Most people know only a few things about wisdom teeth: that they are usually removed, and when they are taken out you look like a chipmunk and get to eat ice cream and milkshakes. However, there is a lot more to them that that, here are somesurprising facts about wisdom teeth:
- Wisdom teeth got their nickname from the age when they typically grow in. Wisdom teeth are actually called third molars. Most people refer to the third molars as wisdom teeth, but where did they get this name? The third molars do not grow out until the dental arch becomes larger, around the age of 17-25, a time also referred to as the “age of wisdom”.
- Most have to be removed. According to the American Association of Oral and Maxillofacial Surgeons, an estimated 85% of wisdom teeth will eventually need to be removed. This can be because the teeth are impacted the area is difficult to reach, thus difficult to clean, leading to bacteria and infection.
- Some people are born without wisdom teeth. 35% of the population is born without wisdom teeth. Researchers debate whether this is evolution or culture. Humans no longer need these teeth for survival; however, some researchers have looked into the link between how different cultures use their jaws, and whether or not they have teeth. For example, in parts of East Asia, it’s more common to find people without wisdom teeth.
- Studies are being conducted to prevent their growth. Wisdom teeth are the only teeth not formed in the womb. Because most people opt to have surgery to remove their wisdom teeth, researchers are looking into ways to prevent their growth altogether.
- Wisdom teeth can produce stem cells – Japanese researchers found in 2008 that induced pluripotent stem cells can be harvested from wisdom teeth. Thus, wisdom teeth can be saved for potential need for stem cells later in life.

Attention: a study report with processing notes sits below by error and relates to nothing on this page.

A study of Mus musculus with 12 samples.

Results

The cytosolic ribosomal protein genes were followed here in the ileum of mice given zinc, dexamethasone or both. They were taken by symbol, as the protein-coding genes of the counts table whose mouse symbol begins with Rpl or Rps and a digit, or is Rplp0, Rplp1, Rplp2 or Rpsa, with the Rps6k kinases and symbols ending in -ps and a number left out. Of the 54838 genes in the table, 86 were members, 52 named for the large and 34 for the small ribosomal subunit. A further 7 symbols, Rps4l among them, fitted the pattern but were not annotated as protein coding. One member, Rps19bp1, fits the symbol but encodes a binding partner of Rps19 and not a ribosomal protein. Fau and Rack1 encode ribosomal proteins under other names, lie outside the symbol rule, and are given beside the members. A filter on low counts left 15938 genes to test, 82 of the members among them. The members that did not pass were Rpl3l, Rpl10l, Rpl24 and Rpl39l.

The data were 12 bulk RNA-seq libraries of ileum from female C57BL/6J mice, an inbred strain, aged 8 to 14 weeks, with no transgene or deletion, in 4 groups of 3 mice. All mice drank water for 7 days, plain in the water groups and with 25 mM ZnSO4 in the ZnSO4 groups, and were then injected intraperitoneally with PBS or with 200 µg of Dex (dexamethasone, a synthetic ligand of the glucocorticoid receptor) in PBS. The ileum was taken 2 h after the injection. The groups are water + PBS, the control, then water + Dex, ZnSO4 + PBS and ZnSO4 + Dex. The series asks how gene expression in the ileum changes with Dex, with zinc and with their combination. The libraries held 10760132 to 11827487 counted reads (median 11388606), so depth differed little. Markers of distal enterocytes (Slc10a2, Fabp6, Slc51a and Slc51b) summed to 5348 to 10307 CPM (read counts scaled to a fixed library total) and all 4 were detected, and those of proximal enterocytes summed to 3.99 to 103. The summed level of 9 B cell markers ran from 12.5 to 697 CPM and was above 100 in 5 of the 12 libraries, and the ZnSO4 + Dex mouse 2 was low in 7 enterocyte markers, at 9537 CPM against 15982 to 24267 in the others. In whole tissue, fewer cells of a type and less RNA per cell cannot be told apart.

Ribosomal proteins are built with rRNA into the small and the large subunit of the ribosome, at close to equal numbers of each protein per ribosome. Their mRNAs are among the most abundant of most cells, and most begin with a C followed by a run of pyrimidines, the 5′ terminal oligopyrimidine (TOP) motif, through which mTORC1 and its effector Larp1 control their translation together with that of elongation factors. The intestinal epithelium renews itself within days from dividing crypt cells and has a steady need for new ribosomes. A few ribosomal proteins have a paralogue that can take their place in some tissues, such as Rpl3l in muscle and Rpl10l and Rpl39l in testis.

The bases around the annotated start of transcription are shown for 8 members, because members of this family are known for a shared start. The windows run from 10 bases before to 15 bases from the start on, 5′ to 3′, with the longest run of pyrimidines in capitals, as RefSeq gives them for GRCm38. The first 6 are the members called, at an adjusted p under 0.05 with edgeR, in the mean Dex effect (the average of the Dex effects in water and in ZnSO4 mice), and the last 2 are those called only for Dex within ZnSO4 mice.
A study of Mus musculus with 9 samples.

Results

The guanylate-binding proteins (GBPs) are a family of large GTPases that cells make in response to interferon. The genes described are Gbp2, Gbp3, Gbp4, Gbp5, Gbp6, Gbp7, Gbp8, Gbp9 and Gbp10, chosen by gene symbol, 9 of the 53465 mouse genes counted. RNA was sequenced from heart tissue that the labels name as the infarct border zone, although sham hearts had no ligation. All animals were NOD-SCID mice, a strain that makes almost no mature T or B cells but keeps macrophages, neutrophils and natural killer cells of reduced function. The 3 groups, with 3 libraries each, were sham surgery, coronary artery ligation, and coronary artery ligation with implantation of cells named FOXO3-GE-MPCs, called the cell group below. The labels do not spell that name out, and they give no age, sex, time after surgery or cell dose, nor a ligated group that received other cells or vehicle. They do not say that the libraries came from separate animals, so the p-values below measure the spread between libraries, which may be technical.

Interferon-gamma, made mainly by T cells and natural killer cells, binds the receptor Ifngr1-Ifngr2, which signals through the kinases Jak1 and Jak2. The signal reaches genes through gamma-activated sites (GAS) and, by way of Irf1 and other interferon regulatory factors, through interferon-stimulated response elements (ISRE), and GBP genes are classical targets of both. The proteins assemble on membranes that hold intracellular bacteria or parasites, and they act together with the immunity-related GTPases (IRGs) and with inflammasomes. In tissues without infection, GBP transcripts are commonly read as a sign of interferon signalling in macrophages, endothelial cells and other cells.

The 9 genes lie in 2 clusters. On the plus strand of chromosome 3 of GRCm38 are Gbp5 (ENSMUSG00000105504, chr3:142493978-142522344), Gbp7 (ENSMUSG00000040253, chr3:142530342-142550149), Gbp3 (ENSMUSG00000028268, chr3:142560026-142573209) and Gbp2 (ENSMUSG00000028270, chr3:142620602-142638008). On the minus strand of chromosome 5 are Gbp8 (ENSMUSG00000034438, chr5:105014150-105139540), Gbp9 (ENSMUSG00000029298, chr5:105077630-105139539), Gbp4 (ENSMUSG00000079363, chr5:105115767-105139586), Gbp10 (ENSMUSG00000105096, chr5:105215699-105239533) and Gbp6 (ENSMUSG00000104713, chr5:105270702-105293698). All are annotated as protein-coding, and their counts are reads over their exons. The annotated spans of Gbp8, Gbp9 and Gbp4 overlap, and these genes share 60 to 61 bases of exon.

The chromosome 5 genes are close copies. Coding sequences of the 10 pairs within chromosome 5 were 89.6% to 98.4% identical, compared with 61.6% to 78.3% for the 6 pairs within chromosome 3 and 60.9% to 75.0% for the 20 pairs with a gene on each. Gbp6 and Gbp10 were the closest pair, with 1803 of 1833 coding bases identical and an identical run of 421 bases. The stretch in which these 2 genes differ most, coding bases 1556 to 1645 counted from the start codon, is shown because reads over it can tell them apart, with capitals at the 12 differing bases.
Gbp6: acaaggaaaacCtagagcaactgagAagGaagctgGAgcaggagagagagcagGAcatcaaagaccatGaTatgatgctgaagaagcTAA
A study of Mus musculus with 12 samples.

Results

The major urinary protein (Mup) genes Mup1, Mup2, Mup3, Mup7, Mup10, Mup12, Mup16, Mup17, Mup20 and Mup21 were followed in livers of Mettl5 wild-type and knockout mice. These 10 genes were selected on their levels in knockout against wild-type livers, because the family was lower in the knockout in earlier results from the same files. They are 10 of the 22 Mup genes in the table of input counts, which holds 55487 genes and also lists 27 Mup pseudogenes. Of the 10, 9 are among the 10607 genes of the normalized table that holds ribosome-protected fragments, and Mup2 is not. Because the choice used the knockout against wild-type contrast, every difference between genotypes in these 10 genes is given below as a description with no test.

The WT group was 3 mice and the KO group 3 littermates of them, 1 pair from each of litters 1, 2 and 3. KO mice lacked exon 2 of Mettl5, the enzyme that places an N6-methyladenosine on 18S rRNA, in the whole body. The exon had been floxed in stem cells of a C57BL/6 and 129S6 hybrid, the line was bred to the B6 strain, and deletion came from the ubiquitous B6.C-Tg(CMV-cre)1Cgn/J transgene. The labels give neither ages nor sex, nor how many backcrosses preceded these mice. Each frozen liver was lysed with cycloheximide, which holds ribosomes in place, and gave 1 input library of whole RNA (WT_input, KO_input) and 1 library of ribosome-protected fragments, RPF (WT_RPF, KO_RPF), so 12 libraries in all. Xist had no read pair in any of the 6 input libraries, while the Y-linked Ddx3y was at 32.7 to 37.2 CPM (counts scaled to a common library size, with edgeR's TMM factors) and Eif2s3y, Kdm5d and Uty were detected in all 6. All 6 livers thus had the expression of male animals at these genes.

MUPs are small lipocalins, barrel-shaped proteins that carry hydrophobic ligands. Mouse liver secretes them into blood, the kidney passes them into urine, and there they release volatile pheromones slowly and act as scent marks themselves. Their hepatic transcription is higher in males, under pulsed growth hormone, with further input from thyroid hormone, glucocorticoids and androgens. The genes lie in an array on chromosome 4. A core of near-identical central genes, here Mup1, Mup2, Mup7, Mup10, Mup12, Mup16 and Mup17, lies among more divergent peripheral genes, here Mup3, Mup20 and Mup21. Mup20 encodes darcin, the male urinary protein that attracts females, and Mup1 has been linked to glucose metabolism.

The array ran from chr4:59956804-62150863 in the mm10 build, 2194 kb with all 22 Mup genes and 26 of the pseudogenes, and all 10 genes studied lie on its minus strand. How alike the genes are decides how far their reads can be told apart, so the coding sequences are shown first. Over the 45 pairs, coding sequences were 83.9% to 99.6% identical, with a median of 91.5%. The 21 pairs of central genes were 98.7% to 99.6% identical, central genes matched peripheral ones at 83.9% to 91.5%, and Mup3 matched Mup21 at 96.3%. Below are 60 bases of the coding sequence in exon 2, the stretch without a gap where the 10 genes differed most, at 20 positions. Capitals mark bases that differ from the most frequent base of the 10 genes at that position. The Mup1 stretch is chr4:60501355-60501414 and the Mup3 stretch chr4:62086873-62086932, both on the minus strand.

- Nine out of ten people have at least one impacted wisdom tooth. When there isn’t enough room for a tooth to enter the mouth fully, it is called “impacted.” If left it may damage neighboring teeth, or become infected due to the difficulty in reaching and cleaning that area of the mouth and gums.
- Diet and dental work may be responsible for impacted wisdom teeth. Early humans had more wear on their teeth due to a tough diet. This damage caused teeth to drift, creating room for the third molars. Anthropologists believe wisdom teeth were able to emerge into the oral cavity at around the same time as the other permanent teeth because of the lack of obstacles. Nowadays, however, diets are a lot easier on teeth. We also have great dental care, such as braces, and retainers, giving us straighter, healthier, and fuller smiles, but not much room for third molars. Thus, wisdom teeth have to wait for the dental arch to grow larger before they emerge if there is room. If there isn’t room, they may be impacted, and need to be removed surgically.
Wisdom teeth removal is a decision that should be made with your family dentist or oral and maxillofacial surgeon. Should you decide to keep your wisdom teeth it is important to carefully clean the area daily, and have the molars examined and xrayed regularly to ensure tooth and gum health.